In the late 1990s, Teresa Heinz and others gazed at the new Alcoa headquarters and its North Shore neighbor, the new Lincoln Properties. Both occupied key riverfront spots. But compared with the standard-setting Alcoa structure, the residential development looked like a Motel 6.
An idea was born—to conceive a holistic vision of the riverfront with excellence as its hallmark. The initial assignment of the Riverlife Task Force was to create a master plan for Pittsburgh’s riverfront that would seize what historian David McCullough called a “once-in-a-century opportunity” to make Pittsburgh’s waterfront among the most spectacular in the world.
Now, 10 years later, what is known as Three Rivers Park—from the West End Bridge on the Ohio to the 31st Street Bridge on the Allegheny and to the Hot Metal Bridge on the Monongahela—is about 65 percent complete. Three current projects will raise that to 85 percent: the South Side Works Riverfront Park, which will scale down to the water with trails, landscapes and performances spaces; the Convention Center Riverfront Park, which will connect Point State Park, the Cultural District and the Strip District and feature a major water landing; and the Mon Wharf, with its new riverfront trail and coming connection to the Eliza Furnace Trail, which will connect with the Great Allegheny Passage and Washington, D.C.
What’s now known simply as Riverlife shows what can happen when the public, private and nonprofit leaders unite around a vision for change and excellence on a world-class scale.
Among those deserving credit are former Mayor Tom Murphy, who embraced the initial idea and appointed Paul O’Neill and John Craig Jr. as its first co-chairmen. Also there at the beginning were Heinz, Elsie Hillman, Max King, Mike Watson and others. Essential early converts were the riverfront’s major property owners—such as the Buncher Company’s Tom Balestrieri, the Gateway Clipper’s Terry Wirginis, the Carnegie’s Ellsworth Brown, and the Steelers’ Art Rooney II. Overseeing it all has been Riverlife Executive Director Lisa Schroeder.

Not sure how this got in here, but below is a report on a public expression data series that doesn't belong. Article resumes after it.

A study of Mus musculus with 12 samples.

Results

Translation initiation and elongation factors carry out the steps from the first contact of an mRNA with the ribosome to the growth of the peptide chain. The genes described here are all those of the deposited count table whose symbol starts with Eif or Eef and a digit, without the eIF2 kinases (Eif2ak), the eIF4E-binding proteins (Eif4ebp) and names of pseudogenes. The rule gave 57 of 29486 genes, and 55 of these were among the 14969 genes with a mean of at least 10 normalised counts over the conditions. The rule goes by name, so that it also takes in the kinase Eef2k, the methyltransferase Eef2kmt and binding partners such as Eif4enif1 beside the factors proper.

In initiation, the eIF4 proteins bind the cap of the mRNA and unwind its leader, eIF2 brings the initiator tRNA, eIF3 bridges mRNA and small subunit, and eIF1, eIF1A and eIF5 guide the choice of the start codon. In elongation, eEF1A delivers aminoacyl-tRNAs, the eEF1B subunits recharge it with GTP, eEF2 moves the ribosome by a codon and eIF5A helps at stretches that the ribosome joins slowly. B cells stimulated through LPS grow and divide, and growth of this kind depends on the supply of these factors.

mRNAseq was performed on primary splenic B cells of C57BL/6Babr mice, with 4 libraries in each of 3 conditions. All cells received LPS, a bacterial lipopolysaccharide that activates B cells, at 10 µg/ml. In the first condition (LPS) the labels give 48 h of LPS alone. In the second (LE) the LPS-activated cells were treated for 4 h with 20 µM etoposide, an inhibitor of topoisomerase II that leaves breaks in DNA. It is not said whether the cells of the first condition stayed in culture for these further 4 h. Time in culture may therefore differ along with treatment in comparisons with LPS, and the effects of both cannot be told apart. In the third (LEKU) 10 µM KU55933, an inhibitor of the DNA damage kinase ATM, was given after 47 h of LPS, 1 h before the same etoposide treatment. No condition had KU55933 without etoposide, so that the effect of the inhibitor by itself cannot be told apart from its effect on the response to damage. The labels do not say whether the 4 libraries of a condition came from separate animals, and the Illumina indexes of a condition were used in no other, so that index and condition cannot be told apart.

In the stocks: Mayor Luke Ravenstahl, tuition tax
There are right ways and wrong ways of trying to balance the City of Pittsburgh’s budget. Pittsburgh Mayor Luke Ravenstahl attempted to raise roughly $15 million by levying a 1 percent tax on the tuition paid by university students. The mayor’s actions did not represent good leadership. Worse, they indicate rash disregard for developing the kind of partnerships in progress that have highlighted Pittsburgh’s history and that the city needs to forge its future.
First, taxing students during a recession is not the message Pittsburgh should be sending to young people and the world. Pittsburgh’s students and universities are among the city’s few best assets—not its few best targets.
Second, the tax would have been found to be illegal and shot down the moment it reached Harrisburg. Due diligence was not done by the mayor and his advisors.
Third, strong-arming and threatening your biggest institutional partners isn’t just bad form, it’s bad business. The mayor said he would drop his tax proposal if the universities agreed to contribute $5 million more to city coffers. No one worth his salt responds to a threat, and our university leaders lined up against the mayor. After being stared down, the mayor tried to save face by announcing that the universities had agreed to increase their contributions to the city. Unfortunately for the city, the lasting yield of his tactics will be much more ill will than new dollars.